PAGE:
Antenna Temperature

Previous:Friis Transmission Equation
Antenna Basics
Antennas (Home)

Antenna Temperature (antenna temperature) is a parameter that describes how much noise an antenna produces in a given environment. This temperature is not the physical temperature of the antenna. Moreover, an antenna does not have an intrinsic "antenna temperature" associated with it; rather the temperature depends on its gain pattern and the thermal environment that it is placed in. Antenna temperature is also sometimes referred to as Antenna Noise Temperature.

To define the environment (and hence give the full definition of antenna temperature), we will introduce a temperature distribution - this is the temperature in every direction away from the antenna in spherical coordinates. For instance, the night sky is roughly 4 Kelvin; the value of the temperature pattern in the direction of the Earth's ground is the physical temperature of the Earth's ground. This temperature distribution will be written as temperature distribution. Hence, an antenna's temperature will vary depending on whether it is directional and pointed into space or staring into the sun.

For an antenna with a radiation pattern given by radiation pattern, the noise temperature is mathematically defined as:

antenna temperature

This states that the temperature surrounding the antenna is integrated over the entire sphere, and weighted by the antenna's radiation pattern. Hence, an isotropic antenna would have a noise temperature that is the average of all temperatures around the antenna; for a perfectly directional antenna (with a pencil beam), the antenna temperature will only depend on the temperature in which the antenna is "looking".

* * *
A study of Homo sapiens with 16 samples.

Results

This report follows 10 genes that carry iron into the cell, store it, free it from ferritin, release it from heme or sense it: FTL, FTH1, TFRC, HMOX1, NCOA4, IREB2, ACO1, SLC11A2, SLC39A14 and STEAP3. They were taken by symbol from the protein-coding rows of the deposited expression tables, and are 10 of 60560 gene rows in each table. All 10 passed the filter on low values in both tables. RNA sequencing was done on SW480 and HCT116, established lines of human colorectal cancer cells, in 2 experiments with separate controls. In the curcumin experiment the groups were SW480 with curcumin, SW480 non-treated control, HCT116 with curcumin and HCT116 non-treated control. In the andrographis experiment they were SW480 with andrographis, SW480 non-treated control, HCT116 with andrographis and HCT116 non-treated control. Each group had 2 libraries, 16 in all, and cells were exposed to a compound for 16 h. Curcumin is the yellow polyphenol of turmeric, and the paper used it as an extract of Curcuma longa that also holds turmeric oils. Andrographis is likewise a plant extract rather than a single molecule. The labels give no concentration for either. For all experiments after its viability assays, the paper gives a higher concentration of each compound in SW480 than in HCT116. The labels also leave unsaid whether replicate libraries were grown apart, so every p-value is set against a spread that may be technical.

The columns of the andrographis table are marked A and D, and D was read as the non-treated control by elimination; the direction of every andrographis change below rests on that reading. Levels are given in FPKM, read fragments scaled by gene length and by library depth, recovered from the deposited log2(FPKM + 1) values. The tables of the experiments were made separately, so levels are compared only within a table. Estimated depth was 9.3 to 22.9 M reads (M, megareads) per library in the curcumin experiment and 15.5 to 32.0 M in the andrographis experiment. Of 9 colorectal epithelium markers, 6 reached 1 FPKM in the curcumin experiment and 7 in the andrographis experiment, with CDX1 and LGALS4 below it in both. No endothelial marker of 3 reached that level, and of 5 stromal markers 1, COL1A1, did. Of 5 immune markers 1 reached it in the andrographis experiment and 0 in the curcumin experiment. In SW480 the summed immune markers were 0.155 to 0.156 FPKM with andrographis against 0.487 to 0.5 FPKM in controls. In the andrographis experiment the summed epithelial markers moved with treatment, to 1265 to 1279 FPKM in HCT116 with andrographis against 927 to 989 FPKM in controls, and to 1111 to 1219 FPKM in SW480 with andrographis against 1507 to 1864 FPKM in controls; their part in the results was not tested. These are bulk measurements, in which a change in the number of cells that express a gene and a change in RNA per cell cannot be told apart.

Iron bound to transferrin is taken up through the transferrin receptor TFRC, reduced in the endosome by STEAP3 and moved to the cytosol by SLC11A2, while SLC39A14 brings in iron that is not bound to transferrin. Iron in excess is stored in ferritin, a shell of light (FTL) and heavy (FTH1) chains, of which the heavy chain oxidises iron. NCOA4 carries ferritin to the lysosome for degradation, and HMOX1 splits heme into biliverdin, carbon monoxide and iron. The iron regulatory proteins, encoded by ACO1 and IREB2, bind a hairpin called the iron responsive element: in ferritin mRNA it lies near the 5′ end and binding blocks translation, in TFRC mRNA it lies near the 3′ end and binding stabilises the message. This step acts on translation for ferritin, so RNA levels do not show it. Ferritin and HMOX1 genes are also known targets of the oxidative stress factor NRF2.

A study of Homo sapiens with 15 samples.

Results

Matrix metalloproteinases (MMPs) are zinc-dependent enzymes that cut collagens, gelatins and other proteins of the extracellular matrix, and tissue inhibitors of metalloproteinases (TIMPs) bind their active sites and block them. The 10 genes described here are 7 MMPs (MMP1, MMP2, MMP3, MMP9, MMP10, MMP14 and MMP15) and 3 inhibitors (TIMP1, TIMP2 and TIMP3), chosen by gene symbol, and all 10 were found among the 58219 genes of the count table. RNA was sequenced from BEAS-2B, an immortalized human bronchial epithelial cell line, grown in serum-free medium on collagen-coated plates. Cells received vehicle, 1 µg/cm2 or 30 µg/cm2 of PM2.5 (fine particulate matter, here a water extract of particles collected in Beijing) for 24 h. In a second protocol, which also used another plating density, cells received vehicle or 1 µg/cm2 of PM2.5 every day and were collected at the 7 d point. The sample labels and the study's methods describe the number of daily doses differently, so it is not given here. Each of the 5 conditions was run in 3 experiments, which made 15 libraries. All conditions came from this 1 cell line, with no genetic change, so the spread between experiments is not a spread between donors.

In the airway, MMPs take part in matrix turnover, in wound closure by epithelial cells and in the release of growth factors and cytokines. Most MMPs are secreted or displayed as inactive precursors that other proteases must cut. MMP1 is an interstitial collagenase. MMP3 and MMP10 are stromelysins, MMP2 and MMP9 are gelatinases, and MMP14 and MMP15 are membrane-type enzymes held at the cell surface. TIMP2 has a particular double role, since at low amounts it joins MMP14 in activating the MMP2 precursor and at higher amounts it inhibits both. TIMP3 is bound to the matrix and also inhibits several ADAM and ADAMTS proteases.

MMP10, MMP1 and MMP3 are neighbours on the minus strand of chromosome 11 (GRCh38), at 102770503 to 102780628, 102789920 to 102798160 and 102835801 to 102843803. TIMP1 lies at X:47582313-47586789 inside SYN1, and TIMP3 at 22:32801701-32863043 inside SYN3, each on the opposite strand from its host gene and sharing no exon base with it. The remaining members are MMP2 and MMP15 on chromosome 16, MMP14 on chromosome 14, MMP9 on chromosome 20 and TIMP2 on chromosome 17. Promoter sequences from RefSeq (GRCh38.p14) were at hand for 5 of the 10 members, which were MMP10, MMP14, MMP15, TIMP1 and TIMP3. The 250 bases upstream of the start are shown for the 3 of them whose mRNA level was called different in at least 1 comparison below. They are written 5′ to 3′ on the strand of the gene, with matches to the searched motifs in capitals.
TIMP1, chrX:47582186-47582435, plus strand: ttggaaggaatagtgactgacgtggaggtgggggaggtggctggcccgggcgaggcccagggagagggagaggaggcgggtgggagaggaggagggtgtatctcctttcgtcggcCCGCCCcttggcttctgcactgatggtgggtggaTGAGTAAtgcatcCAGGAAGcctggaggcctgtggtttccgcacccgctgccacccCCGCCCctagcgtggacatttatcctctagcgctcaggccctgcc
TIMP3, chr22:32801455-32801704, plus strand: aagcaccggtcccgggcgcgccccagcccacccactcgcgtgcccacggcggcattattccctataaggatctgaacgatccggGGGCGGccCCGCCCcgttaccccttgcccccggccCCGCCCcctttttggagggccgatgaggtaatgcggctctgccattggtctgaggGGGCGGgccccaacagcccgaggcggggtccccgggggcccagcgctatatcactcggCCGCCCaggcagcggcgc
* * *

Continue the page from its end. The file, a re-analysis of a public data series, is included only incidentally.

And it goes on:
The noise power received from an antenna at temperature antenna can be expressed in terms of the bandwidth (B) the antenna (and its receiver) are operating over:

noise power

In the above, K is Boltzmann's constant (1.38 * 10^-23 [Joules/Kelvin = J/K]). The receiver also has a temperature associated with it (receiver temperature), and the total system temperature (antenna plus receiver) has a combined temperature given by system temperature. This temperature can be used in the above equation to find the total noise power of the system. These concepts begin to illustrate how antenna engineers must understand receivers and the associated electronics, because the resulting systems very much depend on each other.

A parameter often encountered in specification sheets for antennas that operate in certain environments is the ratio of gain of the antenna divided by the antenna temperature (or system temperature if a receiver is specified). This parameter is written as G/T, and has units of dB/Kelvin [dB/K].

Finally, note that many RF engineers like to use the term Noise Figure (or Noise Factor, NF) to describe systems. This is the ratio of the input SNR (signal to noise ratio) to the output SNR. Basically, all RF devices (like mixers and amplifiers) add some noise. Antenna temperature doesn't really relate to a Noise Figure, as the signal level power input varies greatly with the desired signal's direction of arrival, while the noise added is a constant.

Next: Why do Antennas Radiate?

Antenna Fundamentals

Antenna Tutorial (Home)

This page on antenna temperature is copyrighted. No portion can be reproduced without permission from the author. Copyright, 2009-2015.